When undertaking a major refurbishment you always find that you have a mass of tangled electrical wires, pipes and conduits around the house. They run through floors, down and across walls. This is because over time people have renewed wiring, installed new equipment like electric showers, central heating etc. This all leads to a catalogue of independent changes that has left the house / building with a confusing and often awkward service connections.
So when undertaking a major refit we would suggest that it is worth bringing all the services together in a coherent manner. This not only tidies up what is there, but also makes the whole building more future-proof as one can make access to all the pipes, wires etc better and more readable. By also making some dedicated service voids with access points one can make it all cheaper and easier to maintain and repair as necessary.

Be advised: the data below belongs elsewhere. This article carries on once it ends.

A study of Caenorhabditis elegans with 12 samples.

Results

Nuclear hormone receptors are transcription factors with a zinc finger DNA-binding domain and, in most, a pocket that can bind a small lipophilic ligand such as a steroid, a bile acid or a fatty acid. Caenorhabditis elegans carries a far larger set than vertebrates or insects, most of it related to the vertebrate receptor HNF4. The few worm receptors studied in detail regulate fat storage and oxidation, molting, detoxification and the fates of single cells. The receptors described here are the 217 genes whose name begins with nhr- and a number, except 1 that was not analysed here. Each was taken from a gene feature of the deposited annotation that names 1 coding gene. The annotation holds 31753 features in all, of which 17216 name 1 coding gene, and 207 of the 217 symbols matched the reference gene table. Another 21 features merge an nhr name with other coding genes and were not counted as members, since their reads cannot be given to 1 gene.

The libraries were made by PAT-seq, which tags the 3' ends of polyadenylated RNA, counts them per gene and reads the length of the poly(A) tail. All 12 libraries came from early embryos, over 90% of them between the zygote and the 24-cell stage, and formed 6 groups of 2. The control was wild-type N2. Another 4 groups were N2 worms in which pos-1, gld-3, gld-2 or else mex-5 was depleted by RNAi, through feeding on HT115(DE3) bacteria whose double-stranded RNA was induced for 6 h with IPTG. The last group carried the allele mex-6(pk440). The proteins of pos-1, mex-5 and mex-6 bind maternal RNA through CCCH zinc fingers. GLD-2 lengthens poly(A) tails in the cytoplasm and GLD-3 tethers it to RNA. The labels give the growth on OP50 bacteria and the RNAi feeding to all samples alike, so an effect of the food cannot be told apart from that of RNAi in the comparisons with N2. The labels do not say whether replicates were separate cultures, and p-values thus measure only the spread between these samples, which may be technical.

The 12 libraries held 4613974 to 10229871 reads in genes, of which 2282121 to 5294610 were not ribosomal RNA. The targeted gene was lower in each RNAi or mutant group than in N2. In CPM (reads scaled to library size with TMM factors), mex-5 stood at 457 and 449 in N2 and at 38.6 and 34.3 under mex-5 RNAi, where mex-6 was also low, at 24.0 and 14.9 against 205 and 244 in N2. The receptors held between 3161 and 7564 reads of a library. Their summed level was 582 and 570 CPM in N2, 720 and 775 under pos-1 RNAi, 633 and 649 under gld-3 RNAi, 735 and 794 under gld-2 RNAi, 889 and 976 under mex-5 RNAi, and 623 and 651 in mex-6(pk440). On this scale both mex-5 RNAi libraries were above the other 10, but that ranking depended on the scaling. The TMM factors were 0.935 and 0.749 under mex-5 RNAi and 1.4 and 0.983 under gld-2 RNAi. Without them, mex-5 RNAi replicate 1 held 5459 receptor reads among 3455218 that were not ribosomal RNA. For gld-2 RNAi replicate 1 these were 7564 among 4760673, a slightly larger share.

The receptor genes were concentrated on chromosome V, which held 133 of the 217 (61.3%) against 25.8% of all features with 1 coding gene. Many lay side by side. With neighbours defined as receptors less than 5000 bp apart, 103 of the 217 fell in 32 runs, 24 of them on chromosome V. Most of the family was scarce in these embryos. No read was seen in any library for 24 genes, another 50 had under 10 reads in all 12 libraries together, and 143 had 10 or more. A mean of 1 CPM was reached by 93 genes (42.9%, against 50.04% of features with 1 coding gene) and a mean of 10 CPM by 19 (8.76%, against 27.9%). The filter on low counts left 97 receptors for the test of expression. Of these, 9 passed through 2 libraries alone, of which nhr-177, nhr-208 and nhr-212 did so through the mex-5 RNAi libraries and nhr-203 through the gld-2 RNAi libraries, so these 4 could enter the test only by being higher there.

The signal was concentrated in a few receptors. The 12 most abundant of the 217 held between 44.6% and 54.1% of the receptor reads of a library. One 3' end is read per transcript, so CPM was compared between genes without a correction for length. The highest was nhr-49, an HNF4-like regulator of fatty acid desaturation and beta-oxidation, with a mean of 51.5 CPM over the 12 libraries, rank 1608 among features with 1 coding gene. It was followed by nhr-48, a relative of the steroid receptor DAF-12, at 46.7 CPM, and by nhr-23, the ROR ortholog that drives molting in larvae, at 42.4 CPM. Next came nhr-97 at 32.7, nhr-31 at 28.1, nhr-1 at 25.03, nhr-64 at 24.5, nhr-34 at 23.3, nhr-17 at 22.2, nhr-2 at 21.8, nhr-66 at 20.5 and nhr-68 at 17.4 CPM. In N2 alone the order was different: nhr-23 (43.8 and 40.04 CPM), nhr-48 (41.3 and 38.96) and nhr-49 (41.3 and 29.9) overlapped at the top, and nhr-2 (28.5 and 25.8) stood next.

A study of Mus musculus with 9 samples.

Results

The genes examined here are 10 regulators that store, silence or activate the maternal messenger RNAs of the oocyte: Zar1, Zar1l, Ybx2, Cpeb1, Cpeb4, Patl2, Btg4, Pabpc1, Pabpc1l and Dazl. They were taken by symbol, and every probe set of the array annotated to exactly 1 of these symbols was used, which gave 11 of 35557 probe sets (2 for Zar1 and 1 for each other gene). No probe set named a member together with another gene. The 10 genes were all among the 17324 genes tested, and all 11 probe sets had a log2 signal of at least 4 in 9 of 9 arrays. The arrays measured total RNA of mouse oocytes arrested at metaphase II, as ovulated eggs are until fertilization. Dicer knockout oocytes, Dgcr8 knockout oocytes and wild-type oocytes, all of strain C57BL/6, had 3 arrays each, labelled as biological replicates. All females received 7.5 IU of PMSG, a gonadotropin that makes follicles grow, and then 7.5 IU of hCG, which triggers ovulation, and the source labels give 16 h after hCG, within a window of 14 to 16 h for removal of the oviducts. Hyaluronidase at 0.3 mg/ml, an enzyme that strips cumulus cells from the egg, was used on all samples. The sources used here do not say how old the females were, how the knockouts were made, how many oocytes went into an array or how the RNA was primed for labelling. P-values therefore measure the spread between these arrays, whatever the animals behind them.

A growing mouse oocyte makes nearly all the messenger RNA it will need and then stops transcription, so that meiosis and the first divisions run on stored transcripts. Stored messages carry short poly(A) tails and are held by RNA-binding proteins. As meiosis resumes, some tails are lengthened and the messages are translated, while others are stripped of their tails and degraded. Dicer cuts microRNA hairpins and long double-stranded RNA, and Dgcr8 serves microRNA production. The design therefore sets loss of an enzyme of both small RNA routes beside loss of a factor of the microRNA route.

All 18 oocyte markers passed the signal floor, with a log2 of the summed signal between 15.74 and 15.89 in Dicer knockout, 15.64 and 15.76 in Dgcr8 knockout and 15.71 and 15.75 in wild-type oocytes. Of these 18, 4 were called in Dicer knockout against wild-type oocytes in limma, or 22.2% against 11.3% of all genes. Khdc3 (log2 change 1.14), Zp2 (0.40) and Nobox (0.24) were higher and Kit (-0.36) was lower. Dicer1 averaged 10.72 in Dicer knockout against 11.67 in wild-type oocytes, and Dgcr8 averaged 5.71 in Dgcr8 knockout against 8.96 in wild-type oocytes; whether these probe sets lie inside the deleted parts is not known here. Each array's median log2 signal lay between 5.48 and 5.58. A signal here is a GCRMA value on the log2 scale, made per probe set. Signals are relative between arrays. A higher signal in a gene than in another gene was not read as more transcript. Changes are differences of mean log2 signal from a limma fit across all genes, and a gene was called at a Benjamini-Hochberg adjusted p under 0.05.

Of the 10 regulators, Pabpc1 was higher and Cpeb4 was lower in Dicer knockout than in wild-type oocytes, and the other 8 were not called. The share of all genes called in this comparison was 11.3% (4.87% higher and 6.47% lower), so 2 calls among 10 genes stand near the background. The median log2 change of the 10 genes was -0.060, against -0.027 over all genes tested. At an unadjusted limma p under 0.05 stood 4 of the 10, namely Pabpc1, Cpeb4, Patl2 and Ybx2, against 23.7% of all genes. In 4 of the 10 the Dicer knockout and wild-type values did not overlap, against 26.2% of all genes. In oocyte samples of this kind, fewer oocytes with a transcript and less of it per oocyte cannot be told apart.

Service layouts should also be kept in accessible places so that you can refer back to the layouts at a future date, so we would recommend starting a Home Log so that you can start to read the house and what has been done to it over time. This makes people’s lives easier in the future as well as for you.
This idea is not only for major refurbishments, it is also worth thinking about for smaller jobs. For example, this week I spoke to a lady who had a problem with her shower. A leak from an unknown source is occurring, but she cannot gain access to the underbelly of her shower tray without taking it all apart. This is a major inconvenience and an expense that might not yield the solution. However if there had been a ‘trap door’ fitted to the ceiling below the shower unit, access would be simple and the problem resolved without the need for a plumber / builder. Simple solutions like this might not be as ‘clean’ on the eye, but practically what a saving it would have been since it was only a few years ago when a similar problem happened and the builder had to go through the ceiling for access, so rather than a conventional plasterboard finish being applied, a simple trap door would now be saving the customer a lot of time and hassle.
So I think that it is worth while having well labelled (and possibly photographed) service routes that can be accessed easily even if it does mean a little bit of extra record keeping and some non-continuous surfaces.